Walking With the Community + Keynote Evening (via Zoom)06/17/21
Thursday, Jun 17, 8:30 a.m. - 3:30 p.m.
Together on Our Way: Becoming Trauma-Informed Faith Communities conference
Walking With the Community: Local Organizations That Are Making Change Together
8:30 a.m. – Welcome – Sarah Hennessey, FSPA
9 a.m. – Community Connection: Safe Families for Children – Tracy Trussoni and Lila Barlow
10:30 a.m. – Community Connection: Better Together – Lacie Ketelhut
1 p.m. – Community Connection: La Crosse Area Mentorship Program – the Rev. Dave Konkol and Liz Arnold
2:30 p.m. – Hope For The Day/Sip of Hope – Allison Herman and Matt Fuchs
Registration for this track includes keynote evening, There Is a Balm: Faith Communities, Trauma and Their Call to Respond (via Zoom), presented by the Rev. Dr. Frederick Jerome Streets on June 1.
If you haven't ready registered and/or attended a free, virtual Preconference Session – ACEs and Trauma 101 (offered May 11, 13, 17 and 19), please add that to your registration.
Together on Our Way: Becoming Trauma-Informed Faith Communities (via Zoom)
June 1 - 17
Keynote: June 1, 6 - 7:30 p.m. (CDT)
Tracks: Tuesdays and Thursdays in June, 8:30 a.m. - 3:30 p.m. (CDT)
We each experience adverse events differently. When an event overwhelms a person so much that coping is not possible, it becomes traumatic and oftentimes people experience guilt, shame and an inability to trust or reach out for help. People frequently seek out a faith community to find hope, peace or healing. Many of us bring past or current trauma in hopes that our pain will be comforted.
Together on Our Way: Becoming Trauma-Informed Faith Communities will help equip faith leaders to foster individual and collective healing by raising awareness on Adverse Childhood Experiences (ACEs), trauma and how leaders and communities can walk together with someone on their way to wholeness. This is a unique opportunity to learn from local individuals and organizations who have already implemented trauma-informed care into their practices. Sessions will provide insights into the following aspects of trauma-informed care:
Safety: Creating spaces and communicating in ways that ensure safety and hospitality.
Emotional Regulation: Providing tools and techniques to help individuals and groups de-escalate when meetings, events or life situations become traumatic, intense or overwhelming.
Connection: Cultivating ways for people to connect to one another and the community through empathy, listening and building trust.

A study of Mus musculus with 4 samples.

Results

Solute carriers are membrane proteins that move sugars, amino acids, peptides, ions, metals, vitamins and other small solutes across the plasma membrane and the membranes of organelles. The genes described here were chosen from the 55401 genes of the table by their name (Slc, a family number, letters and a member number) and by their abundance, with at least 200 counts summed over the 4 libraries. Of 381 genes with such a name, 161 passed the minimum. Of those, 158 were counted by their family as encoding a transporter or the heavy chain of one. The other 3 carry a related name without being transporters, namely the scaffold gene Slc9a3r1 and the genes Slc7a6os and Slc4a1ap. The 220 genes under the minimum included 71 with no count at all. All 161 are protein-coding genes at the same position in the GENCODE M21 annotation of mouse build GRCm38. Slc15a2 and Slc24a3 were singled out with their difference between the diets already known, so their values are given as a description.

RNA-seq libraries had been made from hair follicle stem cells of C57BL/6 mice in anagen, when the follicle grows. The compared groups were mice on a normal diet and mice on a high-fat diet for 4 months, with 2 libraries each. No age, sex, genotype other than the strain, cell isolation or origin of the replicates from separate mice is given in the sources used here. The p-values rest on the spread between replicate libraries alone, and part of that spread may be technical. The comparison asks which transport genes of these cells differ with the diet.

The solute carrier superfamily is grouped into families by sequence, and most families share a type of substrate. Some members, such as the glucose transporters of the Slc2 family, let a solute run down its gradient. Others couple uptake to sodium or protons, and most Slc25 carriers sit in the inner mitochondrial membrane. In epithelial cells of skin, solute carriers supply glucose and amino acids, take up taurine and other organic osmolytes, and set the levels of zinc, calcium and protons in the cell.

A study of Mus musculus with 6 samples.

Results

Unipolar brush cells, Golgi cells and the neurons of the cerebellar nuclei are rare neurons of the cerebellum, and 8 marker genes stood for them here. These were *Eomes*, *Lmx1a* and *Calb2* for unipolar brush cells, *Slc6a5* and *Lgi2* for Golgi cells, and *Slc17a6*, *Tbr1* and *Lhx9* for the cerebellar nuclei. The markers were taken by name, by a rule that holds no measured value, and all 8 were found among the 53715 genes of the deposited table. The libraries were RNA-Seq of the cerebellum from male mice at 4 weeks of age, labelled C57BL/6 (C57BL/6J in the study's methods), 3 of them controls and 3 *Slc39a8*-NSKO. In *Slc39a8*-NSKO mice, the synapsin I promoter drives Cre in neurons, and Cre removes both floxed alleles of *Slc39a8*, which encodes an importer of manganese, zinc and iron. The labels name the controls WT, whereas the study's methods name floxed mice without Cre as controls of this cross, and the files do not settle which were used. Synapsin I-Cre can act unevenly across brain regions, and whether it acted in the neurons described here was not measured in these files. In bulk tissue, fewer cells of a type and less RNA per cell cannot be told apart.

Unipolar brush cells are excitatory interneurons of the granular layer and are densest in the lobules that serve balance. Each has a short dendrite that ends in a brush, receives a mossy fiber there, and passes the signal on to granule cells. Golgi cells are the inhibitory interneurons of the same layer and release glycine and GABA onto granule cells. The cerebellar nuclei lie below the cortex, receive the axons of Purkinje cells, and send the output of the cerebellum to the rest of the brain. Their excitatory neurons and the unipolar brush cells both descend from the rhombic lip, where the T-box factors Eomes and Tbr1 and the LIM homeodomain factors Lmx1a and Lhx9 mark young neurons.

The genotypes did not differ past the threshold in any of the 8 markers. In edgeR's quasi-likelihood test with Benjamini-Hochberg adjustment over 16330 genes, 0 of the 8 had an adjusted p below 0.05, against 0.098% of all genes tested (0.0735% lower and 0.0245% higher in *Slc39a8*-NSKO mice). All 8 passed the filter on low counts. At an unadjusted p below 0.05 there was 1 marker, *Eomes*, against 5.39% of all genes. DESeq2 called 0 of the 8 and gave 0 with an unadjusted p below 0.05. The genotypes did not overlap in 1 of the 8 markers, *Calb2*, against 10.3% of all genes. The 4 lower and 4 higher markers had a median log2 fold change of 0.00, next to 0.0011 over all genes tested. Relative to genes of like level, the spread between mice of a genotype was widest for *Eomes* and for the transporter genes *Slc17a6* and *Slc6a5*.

Other sessions will be experiential and will provide material and resources for trauma-informed preaching, liturgy and self-care for clergy and faith leaders who experience burnout or secondary trauma.
There Is a Balm: Faith Communities, Trauma and Their Call to Respond
Tuesday, June 1, 6:00 - 7:30 p.m. (via Zoom)
Presenter: The Rev. Dr. Frederick Jerome Streets
Faith communities can play a crucial role in recognizing trauma and creating spaces that support the healing of trauma experienced by individuals and communities. How can our faith communities respond to that call? Join us as we examine the biblical understanding of offering balm and providing hospitality to those whom we serve. The evening will include prayer, study and lecture, and will serve as the basis for the entire Together on Our Way series.
Frederick (Jerry) Streets served as the Yale University chaplain and senior pastor of the Church of Christ in Yale. He is a member of the founding faculty of the Harvard Program in Refugee Trauma, which offers a Global Master’s Certificate training program for people from across the medical and mental health fields who are assisting those around the world who have been traumatized by war and natural disasters. Additionally, he was a Senior Fulbright Scholar at the University of Pretoria in South Africa, where he taught in the Department of Practical Theology and explored the intersection of religious, social welfare and medical institutional outreach services to those infected and affected by HIV and AIDS. He is a chaplain-in-residence at the annual Samuel De Witt Proctor Institute for Child Advocacy Ministry of the Children’s Defense Fund, where he offers daily meditations and facilities discussions on the needs of children and offers pastoral support to participants. A native of Chicago, he has been nurtured by several faith traditions, including the Progressive Baptists, American Baptists, Roman Catholic Church and the United Church of Christ. He serves as senior pastor of the historic Dixwell Avenue Congregational United Church of Christ in New Haven, Connecticut, a multicultural church, founded in 1820, and the oldest African American congregational church in the world.
Thank you to the La Crosse Community Foundation for its generous financial support of this conference.
GROUP DISCOUNT: 20% off for groups of 5 or more from your organization. Please call 608-791-5295 to register your group.
Click here to register for the event.